We took the Red Eye flight to New York last Wednesday night and returned to Edmonton 12 hours ago. We are exhausted yet thrilled to have presented a successful dinner comprised of foods from Canada’s Arctic, Alberta and Ontario at the James Beard
House on Saturday night. I’m still trying to wrap my head around how our little “Northern Food Night” ended up in New York City.
The Arctic Forage Dinner was our third presentation of northern foods in six months. Three dinners, three cities, two countries. Not bad. Our team has become a well-oiled unit. The revised menu pictured below was originally created in December by Louis Charest (Executive Chef to the Governor General).
Although the guests couldn’t know it, this dinner would prove to be the most challenging northern food dinner of all. First off, Chef Charest was busy creating culinary masterpieces for over 200 guests in Ottawa at the Governor General’s Performing Arts Awards the night before the James Beard Dinner in New York. That meant he would finish there, grab a few winks and get up to catch a flight at dawn to New York.
So, while Charest was away, Paul Finkelstein, and his army of culinary students made their way to New York with a cooler full of Arctic and Ontario products to meet up with culinary students of Manhattan’s Food and FinanceSchool and get a head start on food prep.
Manhattan culinary students, Sade and Lazarus
Phil – a true forager and (somewhat) mad scientist
The students were amazing. After touring a few New York hot spots, they’d hustle to the kitchen, put the aprons on and work until they could hardly stand. Paul also enlisted the help of three reliable chefs: Beja, Phil and Jared — Fink’s previous students and now chefs in their own right. These three came from various parts of Ontario and Prince Edward Island to be a part of this event. Impressive.
Paul Finkelstein double-checking the menu
While people were coming from all over to prep, Steve and I were packing up our cooler of food in Edmonton to bring to New York. We had enough paperwork and permits to sink a ship. Thankfully, everything was in order and the very kind U.S. Customs agents permitted our entry.
After we settled in our hotel in TriBeCa, we met Paul and his team at the high school where they were busy slicing and dicing, baking and sous-viding.
Steve and Paul take inventory of the food
It was there that we realized no one had brought the Mipkuzola for the charcuterie plate. Luckily, Mark Hills of Hills Foods (supplier of the Mipkuzola) was in New York to attend this dinner as well. A quick call to his company in Coquitlam, BC, and the package was on its way. The cured musk ox arrived a few hours before the dinner.
Beja arranging the charcuterie plate: Mipkuzola from Hills Foods, Tamworth Sausage from Ontario, smoked musk ox tongue, and caribou salami made by Real Deal Meats of Edmonton.
The James Beard House is located in the West Village district of NYC. It is a long and narrow four-story brownstone with a surprisingly small kitchen.
There is a lovely garden in the back and guests are seated in rooms that once served as bedroom and office-space when James Beard lived there.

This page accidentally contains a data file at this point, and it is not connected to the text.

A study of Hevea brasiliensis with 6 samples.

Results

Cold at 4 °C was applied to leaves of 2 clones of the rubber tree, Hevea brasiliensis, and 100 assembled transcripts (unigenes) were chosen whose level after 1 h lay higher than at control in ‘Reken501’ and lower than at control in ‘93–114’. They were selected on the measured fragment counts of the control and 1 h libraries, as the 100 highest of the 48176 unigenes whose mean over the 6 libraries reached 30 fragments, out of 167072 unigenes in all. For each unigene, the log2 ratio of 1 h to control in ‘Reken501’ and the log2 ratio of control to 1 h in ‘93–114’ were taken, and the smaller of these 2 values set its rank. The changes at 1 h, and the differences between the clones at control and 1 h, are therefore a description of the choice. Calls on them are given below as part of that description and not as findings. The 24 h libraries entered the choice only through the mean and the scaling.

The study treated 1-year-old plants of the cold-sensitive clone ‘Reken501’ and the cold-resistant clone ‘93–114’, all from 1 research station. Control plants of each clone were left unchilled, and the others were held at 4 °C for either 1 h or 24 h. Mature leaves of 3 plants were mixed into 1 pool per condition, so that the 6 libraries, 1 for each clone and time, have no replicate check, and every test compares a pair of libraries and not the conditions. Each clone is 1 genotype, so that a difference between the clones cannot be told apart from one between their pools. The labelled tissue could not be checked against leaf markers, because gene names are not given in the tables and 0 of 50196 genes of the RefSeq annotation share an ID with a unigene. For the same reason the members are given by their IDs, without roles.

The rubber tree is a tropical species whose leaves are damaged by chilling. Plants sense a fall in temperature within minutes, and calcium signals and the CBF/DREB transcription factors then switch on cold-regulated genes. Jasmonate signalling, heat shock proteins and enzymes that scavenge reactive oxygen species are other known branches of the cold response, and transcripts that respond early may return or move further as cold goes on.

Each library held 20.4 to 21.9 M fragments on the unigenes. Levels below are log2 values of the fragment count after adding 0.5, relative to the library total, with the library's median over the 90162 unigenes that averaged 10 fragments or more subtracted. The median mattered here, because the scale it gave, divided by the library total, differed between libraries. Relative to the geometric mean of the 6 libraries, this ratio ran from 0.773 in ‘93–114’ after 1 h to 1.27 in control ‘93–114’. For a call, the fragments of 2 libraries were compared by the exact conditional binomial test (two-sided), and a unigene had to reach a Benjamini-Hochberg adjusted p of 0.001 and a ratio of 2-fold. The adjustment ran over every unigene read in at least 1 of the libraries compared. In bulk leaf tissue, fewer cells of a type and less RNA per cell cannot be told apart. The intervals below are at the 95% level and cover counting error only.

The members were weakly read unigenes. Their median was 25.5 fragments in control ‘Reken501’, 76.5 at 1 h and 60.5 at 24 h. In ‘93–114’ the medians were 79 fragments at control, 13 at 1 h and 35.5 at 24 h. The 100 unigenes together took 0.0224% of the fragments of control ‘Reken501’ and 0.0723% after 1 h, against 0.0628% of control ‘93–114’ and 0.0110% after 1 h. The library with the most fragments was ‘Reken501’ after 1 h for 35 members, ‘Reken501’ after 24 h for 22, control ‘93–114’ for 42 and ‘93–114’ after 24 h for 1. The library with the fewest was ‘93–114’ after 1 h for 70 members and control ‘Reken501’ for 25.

Fifty-seven guests were to arrive in a few hours, so Louis, Paul and the gang got busy.
Chef Charest gets help preparing the musk ox for the tender cube appetizer
Chef Paul Finkelstein whips up a batch of bannock
James Beard servers start setting up for the dinner
By the time guests started to arrive around 7 pm, the kitchen was humming.
Jared and Becky plate the musk ox tender cubes
Guests enjoy a glass of Ontario sparkling wine while the kitchen staff gets set to bring out the canapes.
It was interesting to talk with the guests before everyone was seated at the tables. Many had questions about life in the Arctic, about how the foods were harvested and of course how cold it gets in northern Canada. We were happy to supply them with answers. I don’t think anyone there could fathom what -60 feels like. I wish I would’ve brought my Canada Goose
parka, or the wolf parka Lucy wore when we were harvesting sea urchin in Sanikiluaq.
After hors d’oeuvres of musk ox, char and Tamworth bacon-wrapped skordalia croquettes, the guests moved in to the dining area.
Steve and Paul relayed the history about how our northern food dinners came to be and what went into preparing for an event such as this. And then the food came. After the first two courses, I remembered I had a camera with me.
Turbot tempura and pickerel topped with whitefish caviar and Haida Gwaii herring roe on kelp
Korea-style hot pot of fire-roasted quail and charred foie gras with kimchee and noodles
Charcuterie plate – cured and smoked meats with pickled ramps and brioche
While the guests were sighing and moaning and licking their lips, I wandered around the room asking people how they were enjoying the food. One person said out of the two dozen James Beard events he’s attended, this one was, by far, the crown jewel. I sent a text to the kitchen to let them know. I think they were happy to hear how the food was being received. Paul, Louis and the team deserved the praise; they certainly worked hard for it.
Both Paul Finkelstein and Louis Charest got to add their names to the famous white jacket, its shoulders and sleeves covered with the names of celebrity chefs from around the world. What an honour!
Who knows where we’ll end up next. Wherever it is, I know the team will come together again from whatever corner of Canada they’re in at the time. There’s a ton of skill and passion in every one of them and it’s a very wonderful thing being a part of it.
Well done, chefs and students, well done!